This special report asks the question: “Is it possible for both the business process and Business Architecture Modeling approaches to share a common modeling language and might BPMN 2.0 satisfy both?”
Over the past few years, organizations have broadened the role BPM software plays in process improvement. Five years ago, BPM projects centered on human-centric workflow designed and executed with process models. Since then, lines of business continue to demand software that is more adaptive to how they work, and vendors have responded with increasingly mature offerings.
This Red Hat sponsored IDC white paper explores the evolution of BPM, how an organization's basic requirements are changing in the face of the broadening scope of BPM software, and how Red Hat competes in this space with JBoss Enterprise BRMS 5.3 and its recent acquisition of Polymita.
If you don’t get off to the right start with a BPM Project, there are all kinds of consequences such as:
- Needing to change process owners mid stream
- Wasting time focusing on the wrong goals
- Not involving the right resources
- Missing critical information and making poor decisions
- “Buying” the technology solution
Do you notice any built-in contradiction in the title of this article? A naïve approach to Continuous Improvement (CI) would be to attempt to benchmark Toyota, and just do what they do. That would be OK if: 1) You make automobiles, and 2) You have fifty years of Toyota management experience. Without those advantages, you would do best to consider a modified strategy.
It’s not easy to change, and usually not fruitful to change precipitously. An anecdote from an unnamed country, several wars ago, decided to mechanize the cavalry. An inspector, reviewing the prototype of the new battalion, marveled in the shiny new personnel carriers and tanks. However, he then noticed two soldiers standing off to the side, apparently doing nothing. When he inquired, he was told: “They are there to hold the horses.”
Not quite! I can’t tell you how many companies I have worked with who announced we have modeled all the current state process or say we want to begin by modeling all their As Is processes. And they ask, can you help us with that? There is nothing wrong with modeling processes, but it takes a long time and it doesn’t produce improvements. Modeling processes is just one of the first steps. I suggest modeling the processes you want to improve and do them in groups of three or one by one. Then analyze each and improve them to see business results.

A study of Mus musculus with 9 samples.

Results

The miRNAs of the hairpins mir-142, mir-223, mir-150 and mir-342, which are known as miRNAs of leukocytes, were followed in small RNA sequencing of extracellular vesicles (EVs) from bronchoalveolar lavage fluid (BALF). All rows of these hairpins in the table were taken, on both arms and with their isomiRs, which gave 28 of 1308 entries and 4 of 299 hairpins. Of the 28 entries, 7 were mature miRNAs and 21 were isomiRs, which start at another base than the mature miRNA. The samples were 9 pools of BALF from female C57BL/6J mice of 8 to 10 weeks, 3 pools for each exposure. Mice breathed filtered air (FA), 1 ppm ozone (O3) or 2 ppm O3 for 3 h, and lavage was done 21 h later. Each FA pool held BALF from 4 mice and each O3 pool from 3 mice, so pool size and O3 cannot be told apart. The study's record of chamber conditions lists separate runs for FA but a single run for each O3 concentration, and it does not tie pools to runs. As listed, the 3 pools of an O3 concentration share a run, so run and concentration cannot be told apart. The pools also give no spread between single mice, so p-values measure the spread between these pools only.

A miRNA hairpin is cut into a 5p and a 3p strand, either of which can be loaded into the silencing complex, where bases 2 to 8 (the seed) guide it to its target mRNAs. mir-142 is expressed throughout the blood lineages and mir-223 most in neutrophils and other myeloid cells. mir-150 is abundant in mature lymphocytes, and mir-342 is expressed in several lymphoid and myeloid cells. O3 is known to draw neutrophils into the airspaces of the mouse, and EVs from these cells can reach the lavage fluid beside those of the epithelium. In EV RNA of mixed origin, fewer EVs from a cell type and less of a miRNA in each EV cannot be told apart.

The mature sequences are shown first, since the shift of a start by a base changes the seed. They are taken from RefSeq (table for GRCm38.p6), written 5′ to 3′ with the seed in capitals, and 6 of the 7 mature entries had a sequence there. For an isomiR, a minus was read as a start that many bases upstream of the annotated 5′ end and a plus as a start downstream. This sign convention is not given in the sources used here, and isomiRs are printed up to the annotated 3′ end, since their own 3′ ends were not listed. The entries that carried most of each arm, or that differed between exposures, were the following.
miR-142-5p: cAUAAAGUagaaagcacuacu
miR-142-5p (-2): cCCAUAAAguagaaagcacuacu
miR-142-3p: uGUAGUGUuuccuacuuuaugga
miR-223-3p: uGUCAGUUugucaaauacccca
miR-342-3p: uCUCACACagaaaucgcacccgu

So if you’ve only done the process diagramming, what do you need to do next? Look at the roadmap below showing the phases of a BPM/ process improvement project.
This article highlights the importance that system integration capabilities should play when selecting a BPMS. Integration is often the largest challenges in transforming business processes and can often present one of the most difficult barriers to delivering rapid success.
Few business processes live out their life within a single system. Consider the example of winning a new customer, on-boarding them, delivering a service and gaining payment. It is not uncommon to find the following systems involved in supporting these processes:
BPMInstitute.org defines Business Process Management (BPM) as the definition, improvement and management of a firm’s end-to-end enterprise business processes in order to achieve three outcomes crucial to a performance-based, customer-driven firm: 1) clarity on strategic direction, 2) alignment of the firm’s resources, and 3) increased discipline in daily operations.
Traditional methods of performance management focus on department & functional unit performance. BPM focuses on the management and continuous improvement of cross functional processes. This involves continuous monitoring, evaluation, measurement and process innovation. These cross-functional processes must be clearly defined and documented. Process performance objectives in terms of time, quality, cost and productivity must be defined. Process teams and process owners must be established.
By easing the process of integrating business events into automated decision-making, JBoss Enterprise Business Rules Management System (BRMS) is helping organizations incorporate real-time awareness into their applications and implement the high levels of automation needed for today’s fast-paced business operations. With the many benefits of a budget-friendly open source software subscription, this powerful technology is more accessible than ever before. Using JBoss Enterprise BRMS, business analysts, developers, and system integrators can create and manage rules and events in a single product using a shared set of authoring tools. The result is a more agile, transparent, and competitive business. If in the past you have not found business rules technology sufficiently compelling for your company or projects, now is the time to take another look.
In December 2011, the BPMInstitute (BPMInstitute.org) participated in a Forrester research report entitled "The Forrester Wave: BPM Training And Certification Programs, Q2 2012" (May 2012) of the training and certification programs offered in business process management. BPMInstitute.org has made the report available to our readers, for a limited time. This article provides additional comments on the topics presented in the Forrester report. The report's research findings agree with our own research into our student's objectives for taking BPM training.
The availability of highly functional, open source business process management systems (BPMS) and business rules management systems (BRMS) are bringing the benefits of process automation technology within reach of many more companies and projects. If you are considering deploying business process or rules management but have been daunted by the cost, footprint, and complexity of proprietary solutions, an open source approach may be just what you are looking for.